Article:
Historic storm hits over weekend
BERLIN – Extreme flooding and power outages brought Berlin officials and workers from almost every town department out on Saturday and early Sunday to assist hundreds of residents during and after what town officials said was a once-in-every-1,000-years storm.
According to Jane Kreiter, the town’s water resources director, 13.5 inches rain fell on Berlin within 10 hours, making Saturday night’s seemingly endless thunderstorm a unique meteorological event, at least in modern times.
“The older residents in town said this was the worst flood they have ever seen in Berlin,” Town Administrator Tony Carson said.
The rain, accompanied by what seemed to be continuous thunder and lightning well into the night, caused severe flash flooding throughout the Berlin area, leaving motorists stranded and, in some case, in peril.
The Berlin Police Department began to receive numerous calls around 9:30 p.m. that evening from people who were trapped in their vehicles after they stalled in water reaching levels as high as five feet.
With the help of the Berlin Fire Company, the Maryland Natural Resources Police and others, approximately 70 people were rescued from their cars and trucks in and around town.
Emergency units were dispatched to Bay, Flower, West, Main and Williams streets, as well as Route 113 and Route 346. Some of these areas had never experienced problems with flooding, but this deluge changed all that.
Resident Emily Barney was driving to her home at Decatur Farm off Route 113 Saturday night from Route 50, when she mistook one of the few exits that wasn’t blocked to mean that it was passable.
“I just kept going through the water, then my car completely shut off. Water was above my hood and started rising inside my car,” she said. Barney called 911, and was told by the dispatcher to keep a window open for her safety and that rescuers would be sent.
“By the time someone came, the water level was up to my waist. It was the scariest night of my life,” Barney said.
Numerous cars parked on several streets were swept down the roads and ended up being damaged or totaled by water, debris or both.
Many vehicles that were taken by the rush of water on Route 113 south of Burley Street ended up being saved from further damage because of a new guardrail that prevented them from entering much deeper water.
Despite the dangerous suddenness of the storm and its effects, no injuries were reported as of Tuesday. Most people remained relatively safe in their homes, but a handful of residents stayed overnight in Town Hall.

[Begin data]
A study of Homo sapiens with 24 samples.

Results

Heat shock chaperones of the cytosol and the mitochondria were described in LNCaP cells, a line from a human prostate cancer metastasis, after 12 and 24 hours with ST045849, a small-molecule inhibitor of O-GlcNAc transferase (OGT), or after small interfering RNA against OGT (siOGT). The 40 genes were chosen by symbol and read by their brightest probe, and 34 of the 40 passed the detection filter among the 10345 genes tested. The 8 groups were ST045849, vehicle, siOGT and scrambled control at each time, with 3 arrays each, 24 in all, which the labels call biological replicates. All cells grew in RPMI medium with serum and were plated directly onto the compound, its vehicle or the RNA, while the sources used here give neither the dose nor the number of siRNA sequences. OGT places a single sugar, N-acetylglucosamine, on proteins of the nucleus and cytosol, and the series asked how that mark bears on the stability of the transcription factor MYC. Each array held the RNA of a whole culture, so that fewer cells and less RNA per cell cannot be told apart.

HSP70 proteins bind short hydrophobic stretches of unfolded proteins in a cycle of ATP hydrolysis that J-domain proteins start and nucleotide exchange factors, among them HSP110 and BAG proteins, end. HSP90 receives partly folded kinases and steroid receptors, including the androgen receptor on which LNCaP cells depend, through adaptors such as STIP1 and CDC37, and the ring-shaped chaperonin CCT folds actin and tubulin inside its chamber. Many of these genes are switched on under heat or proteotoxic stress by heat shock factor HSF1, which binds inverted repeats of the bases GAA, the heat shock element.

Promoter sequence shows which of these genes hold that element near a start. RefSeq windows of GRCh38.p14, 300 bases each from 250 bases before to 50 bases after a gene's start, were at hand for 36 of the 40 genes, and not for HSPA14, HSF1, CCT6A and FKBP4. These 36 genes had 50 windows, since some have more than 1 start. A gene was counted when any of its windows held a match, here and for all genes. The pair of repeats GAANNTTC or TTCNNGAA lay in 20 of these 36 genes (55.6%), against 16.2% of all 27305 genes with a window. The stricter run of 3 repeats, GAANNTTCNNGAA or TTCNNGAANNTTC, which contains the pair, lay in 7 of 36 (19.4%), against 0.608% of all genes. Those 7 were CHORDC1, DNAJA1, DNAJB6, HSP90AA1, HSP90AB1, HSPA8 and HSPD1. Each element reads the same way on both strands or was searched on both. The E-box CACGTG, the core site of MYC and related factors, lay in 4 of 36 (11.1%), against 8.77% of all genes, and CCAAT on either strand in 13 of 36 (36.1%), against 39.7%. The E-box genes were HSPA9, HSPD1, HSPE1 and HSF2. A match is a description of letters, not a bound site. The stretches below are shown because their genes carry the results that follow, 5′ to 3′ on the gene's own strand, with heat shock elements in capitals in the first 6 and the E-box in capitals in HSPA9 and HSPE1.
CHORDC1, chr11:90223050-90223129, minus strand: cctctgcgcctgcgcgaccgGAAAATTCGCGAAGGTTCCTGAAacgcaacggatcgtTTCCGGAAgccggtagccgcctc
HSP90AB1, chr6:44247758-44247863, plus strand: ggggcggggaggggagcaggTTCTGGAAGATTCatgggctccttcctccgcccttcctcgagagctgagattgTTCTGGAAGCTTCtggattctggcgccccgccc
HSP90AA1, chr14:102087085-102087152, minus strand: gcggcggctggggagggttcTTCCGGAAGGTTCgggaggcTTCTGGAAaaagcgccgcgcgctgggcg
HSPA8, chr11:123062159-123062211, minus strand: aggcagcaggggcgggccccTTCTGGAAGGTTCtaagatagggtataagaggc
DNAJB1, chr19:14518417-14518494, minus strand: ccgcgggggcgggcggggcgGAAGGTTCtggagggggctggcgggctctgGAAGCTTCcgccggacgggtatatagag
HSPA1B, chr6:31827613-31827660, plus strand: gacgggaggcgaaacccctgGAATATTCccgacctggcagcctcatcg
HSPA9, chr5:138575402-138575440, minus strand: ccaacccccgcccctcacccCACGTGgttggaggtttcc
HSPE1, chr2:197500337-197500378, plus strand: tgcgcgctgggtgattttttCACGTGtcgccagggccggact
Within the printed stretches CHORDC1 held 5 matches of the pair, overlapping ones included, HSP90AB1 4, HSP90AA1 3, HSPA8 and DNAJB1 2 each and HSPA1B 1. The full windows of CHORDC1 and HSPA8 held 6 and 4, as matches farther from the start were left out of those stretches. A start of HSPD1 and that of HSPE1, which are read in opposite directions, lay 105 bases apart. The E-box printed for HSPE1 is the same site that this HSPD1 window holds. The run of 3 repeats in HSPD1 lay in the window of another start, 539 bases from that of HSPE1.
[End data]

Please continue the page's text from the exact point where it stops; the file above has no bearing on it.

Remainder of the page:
While emergency units rescued trapped drivers throughout the night, Berlin’s Department of Public Works and Electric Department worked to help clear water and restore power to the town.
About 800 buildings, including shops in the commercial district of Berlin, were left without power at some point between 9 p.m. and early Sunday morning.
Using the new overhead fault indicators that emit a high-intensity red strobe if there is a problem with the line, the Electric Department quickly located a utility pole on Buckingham Lane and West Street that had been struck by lightning. Power was fully restored to the town by 11:30 a.m. Sunday.
Because Berlin is one of the few municipalities in Maryland that has its own electric department, the town was able to respond immediately instead of being forced to send a request for aid, Carson said.
By Sunday, all water and vehicles were removed from the roads.
“People were out shopping. It looked like a normal Sunday,” Carson said.
Some residents who were affected by the storm used the public comments segment of the mayor and council meeting on Monday to express their displeasure with the town.
Whether the issue was debris damaging cars and yards, thousands of dollars of water damage in homes or the account of one woman who was stuck in her home with three children and water up to her waist, there were numerous complaints to Berlin officials on the basis that not enough was done to prevent the flooding.
“I don’t think there is any system we could build to accommodate that amount of rainfall,” Berlin Mayor Gee Williams replied.
The mayor and council members did say, however, that they would look into receiving federal aid for those without strong financial backing. It was also mentioned that on Sept. 5 for no cost, the town would pick up debris from residents who place unwanted items their front yard.
As to the town’s preparedness, Williams said he has been trying to create a stormwater utility department for the past few years. With such a department, town employees would work year-round to improve stormwater drainage around town.
Town officials estimate that the cost of the department would be about $5 a month per property, a price that residents have resisted.
Regardless of the possibility of a stormwater department being formed, Berlin was asked by the University of Maryland Center for Environmental Science last year to conduct a study on the town’s stormwater needs. Once the study is complete in late fall, Berlin will have a list of all areas ranked by priority.
Though the list would provide a clear course for the town to take, it would still take many years to make major changes in stormwater flow because of the millions of dollars required to do the work.
“Realistically, once the cost estimate is determined, we would be able to make significant improvements within a five-to 10-year period,” Carson said.